Just one is quite enough.

A friend sent me 50 pictures of the wonders of nature. Flowers, birds, creatures of the sea, trees. I scroll through them all, marveling. Yet I feel overwhelmed by too much. Just one would have been quite enough. Just one I could have lingered over, impressed it in my mind.

Now I find it hard to choose from this surfeit of images. For that is what characterizes us today. Either a surfeit or a dearth, an insufficiency, a lack. We either have too much, or not enough. Throughout the day, we are assaulted by images. By sounds, by words.  By information of all sorts. Most sounds pass us by unaware. Yet they are there.  Even if we were in a soundproof ambience, there would be sound. That of blood rushing through our veins. The beat of our heart. Sound, like images, coming from the inside. We can no more wipe our minds blank than not hear the beating of our hearts.

Surfeit and dearth. Do we even know what dearth is? What so many are doing without? The most elementary things. Shelter. Food. Warmth. Safety. Italy used to know. Am reading some of the classic Italian authors. Ignazio Silone, Sciascia, others of that period. Aside from Camilleri and Pirandello.

We scroll through the images in our minds, aside from those on our iPhones. The latter can be shared, for the former we have to know how to find the right words. And wonder if those we share with, see and feel what we see and feel. That’s where poems come in. Capturing Cartier Bresson’s “decisive moment”. The way light clings to the edge of a cup, or the loneliness of an empty chair overlooking the sea. But poetry, is also capturing a feeling that cannot be visualized, it is sound that echoes in our heads. It is the warmth of the stone bench caressed by the sun. The harsh cries of the jackdaws darting to their roosting place.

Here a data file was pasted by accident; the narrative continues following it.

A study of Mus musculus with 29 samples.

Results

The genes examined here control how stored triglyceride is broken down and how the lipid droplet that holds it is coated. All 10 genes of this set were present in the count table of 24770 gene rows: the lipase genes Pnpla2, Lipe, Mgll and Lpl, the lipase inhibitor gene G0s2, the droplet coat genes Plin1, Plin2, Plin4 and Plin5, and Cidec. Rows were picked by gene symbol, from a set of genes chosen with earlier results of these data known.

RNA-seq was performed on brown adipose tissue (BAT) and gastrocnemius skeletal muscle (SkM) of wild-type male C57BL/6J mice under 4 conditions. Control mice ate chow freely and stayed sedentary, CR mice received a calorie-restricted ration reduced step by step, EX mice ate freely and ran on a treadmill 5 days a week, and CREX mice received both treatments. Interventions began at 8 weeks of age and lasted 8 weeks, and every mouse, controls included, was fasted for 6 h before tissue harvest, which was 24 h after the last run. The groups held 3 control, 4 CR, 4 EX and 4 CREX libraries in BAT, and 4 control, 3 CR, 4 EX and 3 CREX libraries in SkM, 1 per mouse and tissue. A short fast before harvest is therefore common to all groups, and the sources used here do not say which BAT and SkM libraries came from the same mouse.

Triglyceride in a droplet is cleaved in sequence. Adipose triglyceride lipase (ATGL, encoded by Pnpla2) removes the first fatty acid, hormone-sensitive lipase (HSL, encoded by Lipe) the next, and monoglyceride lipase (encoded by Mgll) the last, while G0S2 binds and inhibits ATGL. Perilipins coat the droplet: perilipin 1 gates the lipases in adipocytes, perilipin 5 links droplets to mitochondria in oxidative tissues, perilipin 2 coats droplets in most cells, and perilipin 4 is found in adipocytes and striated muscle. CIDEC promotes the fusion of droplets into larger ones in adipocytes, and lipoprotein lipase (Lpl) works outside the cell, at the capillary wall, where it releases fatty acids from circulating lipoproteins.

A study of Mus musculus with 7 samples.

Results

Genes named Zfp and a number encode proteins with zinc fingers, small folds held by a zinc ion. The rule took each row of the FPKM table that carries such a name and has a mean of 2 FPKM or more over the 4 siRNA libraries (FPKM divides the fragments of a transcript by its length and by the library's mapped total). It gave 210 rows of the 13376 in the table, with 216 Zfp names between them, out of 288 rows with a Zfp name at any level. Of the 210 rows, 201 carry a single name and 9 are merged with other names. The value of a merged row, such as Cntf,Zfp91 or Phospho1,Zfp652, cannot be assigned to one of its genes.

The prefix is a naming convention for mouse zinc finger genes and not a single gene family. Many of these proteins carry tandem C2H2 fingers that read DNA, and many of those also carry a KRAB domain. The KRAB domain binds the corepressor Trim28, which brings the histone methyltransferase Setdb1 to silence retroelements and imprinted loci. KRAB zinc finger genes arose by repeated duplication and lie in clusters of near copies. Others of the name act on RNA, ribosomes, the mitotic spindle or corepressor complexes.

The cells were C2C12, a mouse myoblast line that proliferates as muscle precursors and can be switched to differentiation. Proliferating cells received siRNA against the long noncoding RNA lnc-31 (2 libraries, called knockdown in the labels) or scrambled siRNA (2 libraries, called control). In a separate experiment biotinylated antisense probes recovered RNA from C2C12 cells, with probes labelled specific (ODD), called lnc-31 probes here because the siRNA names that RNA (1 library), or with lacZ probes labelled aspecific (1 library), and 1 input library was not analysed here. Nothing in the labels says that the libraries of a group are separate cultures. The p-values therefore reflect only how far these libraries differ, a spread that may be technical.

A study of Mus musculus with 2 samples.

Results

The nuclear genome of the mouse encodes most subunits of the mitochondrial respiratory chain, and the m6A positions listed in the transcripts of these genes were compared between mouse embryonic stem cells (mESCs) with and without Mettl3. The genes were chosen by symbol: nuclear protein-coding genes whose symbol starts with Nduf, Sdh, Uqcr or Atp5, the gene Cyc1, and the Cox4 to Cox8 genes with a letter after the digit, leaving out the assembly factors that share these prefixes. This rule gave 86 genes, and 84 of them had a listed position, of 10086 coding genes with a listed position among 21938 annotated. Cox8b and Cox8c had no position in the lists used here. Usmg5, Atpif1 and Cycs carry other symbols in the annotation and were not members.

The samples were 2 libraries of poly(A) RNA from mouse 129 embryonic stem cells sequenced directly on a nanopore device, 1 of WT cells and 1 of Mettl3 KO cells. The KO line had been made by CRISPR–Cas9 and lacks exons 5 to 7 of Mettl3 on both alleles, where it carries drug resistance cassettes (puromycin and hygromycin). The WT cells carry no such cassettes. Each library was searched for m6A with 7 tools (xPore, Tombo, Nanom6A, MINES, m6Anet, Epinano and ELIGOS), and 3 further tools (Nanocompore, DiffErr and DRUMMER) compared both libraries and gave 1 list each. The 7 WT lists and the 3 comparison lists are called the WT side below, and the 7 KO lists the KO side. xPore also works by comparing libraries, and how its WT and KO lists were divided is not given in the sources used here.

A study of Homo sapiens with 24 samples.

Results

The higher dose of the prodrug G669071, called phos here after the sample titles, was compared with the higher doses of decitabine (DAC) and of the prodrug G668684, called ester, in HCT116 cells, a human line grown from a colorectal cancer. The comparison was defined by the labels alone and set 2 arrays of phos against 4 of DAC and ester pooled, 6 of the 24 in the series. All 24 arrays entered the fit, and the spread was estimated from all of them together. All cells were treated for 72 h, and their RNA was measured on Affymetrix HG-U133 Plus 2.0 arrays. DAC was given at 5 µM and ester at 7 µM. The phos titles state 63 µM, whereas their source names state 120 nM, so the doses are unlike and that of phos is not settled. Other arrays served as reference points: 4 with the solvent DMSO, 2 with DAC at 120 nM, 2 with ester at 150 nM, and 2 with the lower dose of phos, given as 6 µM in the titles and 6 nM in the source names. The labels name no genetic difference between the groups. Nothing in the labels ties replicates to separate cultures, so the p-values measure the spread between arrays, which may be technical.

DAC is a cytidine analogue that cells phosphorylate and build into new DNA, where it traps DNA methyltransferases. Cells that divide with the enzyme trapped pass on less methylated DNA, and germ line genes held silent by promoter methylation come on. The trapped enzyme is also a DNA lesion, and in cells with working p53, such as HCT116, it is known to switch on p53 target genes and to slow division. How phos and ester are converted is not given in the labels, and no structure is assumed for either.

The surfeit of images, if we’re lucky, can precipitate, simmer down, into one and that is what others will recognize as a poem. 

One thought on “Surfeit

  1. I’ve been thinking about this post ever since I listened to it and read it, and not as an entirely disinterested party. That’s because I admit to being the friend in question who sent what turned out to feel like an overwhelming number of photos. But even if they were not particularly welcome, I am very intrigued by what Erika has made of that situation. If it inspired the meditation with which she gifts us here, it was worthwhile.

    I agree that today we are vulnerable to being bombarded by a surfeit of images, information—well, just about everything. Yet, while I can appreciate the beauty of a single photo like the one that accompanies this post, and I can admire what Erika writes here about the power of a poem, I often find myself in love with the joy that a symphony of many colors, textures, and complementary images in a series can offer. Some photos are meant to be viewed as a series…underlining the variety, beauty and complexity of the planet we share.

    In general, it’s easy for me to become overwhelmed. But then to be able to say “My cup runneth over” also feels like a gift.